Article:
The procession starts while Hester is still thinking about Chillingworth’s smile. The soldiers arrive followed by political figures and finally, Dimmesdale himself. He is exhibiting great energy and a strong sense of purpose.
The chapter focuses on how Hester reacts to Dimmesdale. He now seems so far from the person she met three days ago at the forest. She senses the great distance between them and cannot forgive him for being so distant. Pearl also fails to recognize him.
Mistress Hibbins then comes and informs Hester that she is aware that Dimmesdale has a sin similar to hers. She further explains that it is easy to identify a fellow sinner instinctively, and everybody is about to know the minister’s sin.
As Dimmesdale delivers his speech, Hester can hear the hopelessness and sadness in his tone since she strongly sympathizes with his heart. The shipmaster gives Pearl a message meant for Hester. It states that Chillingworth has booked a space for Dimmesdale and himself on the ship. Hester looks around and notices the very faces she saw at the initial scaffold scene.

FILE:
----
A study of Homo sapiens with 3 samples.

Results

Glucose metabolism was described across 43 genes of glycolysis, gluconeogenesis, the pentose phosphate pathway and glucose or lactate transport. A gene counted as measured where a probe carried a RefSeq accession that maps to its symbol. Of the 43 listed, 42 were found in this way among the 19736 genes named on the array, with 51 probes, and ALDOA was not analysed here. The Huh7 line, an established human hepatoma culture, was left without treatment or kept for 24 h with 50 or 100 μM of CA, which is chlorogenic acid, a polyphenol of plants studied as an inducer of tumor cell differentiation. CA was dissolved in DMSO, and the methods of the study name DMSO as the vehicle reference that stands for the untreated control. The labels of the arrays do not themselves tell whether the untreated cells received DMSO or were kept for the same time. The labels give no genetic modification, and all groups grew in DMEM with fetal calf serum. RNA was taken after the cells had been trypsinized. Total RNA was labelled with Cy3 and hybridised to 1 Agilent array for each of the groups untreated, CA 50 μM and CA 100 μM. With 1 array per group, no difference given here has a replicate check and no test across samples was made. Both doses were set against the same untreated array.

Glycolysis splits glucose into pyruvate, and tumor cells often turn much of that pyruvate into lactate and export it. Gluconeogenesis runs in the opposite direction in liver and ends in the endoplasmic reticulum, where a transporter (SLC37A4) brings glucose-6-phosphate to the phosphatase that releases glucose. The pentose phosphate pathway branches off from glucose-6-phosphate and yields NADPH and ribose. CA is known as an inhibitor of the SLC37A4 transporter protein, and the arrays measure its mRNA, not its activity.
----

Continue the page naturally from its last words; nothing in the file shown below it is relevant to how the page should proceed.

Analysis of the Chapter 22
The author’s description of Hester’s emotional response to the minister’s remoteness eliminates the possibility of a future together. Hester imagines that their meeting at the forest must have been a dream. She also cannot forgive Dimmesdale for backtracking on their plans of living together.
Mistress Hibbins foreshadows the gloomy ending, and this emphasizes the intuitive abilities of the human heart. The same case applies when Hester recognizes the voices within Dimmesdale’s heart. His tone is pleading for forgiveness.
These sinners must be brought together with their only escape avenue blocked by Chillingworth. In the end, the main characters are getting closer and closer to the revelation of the truth.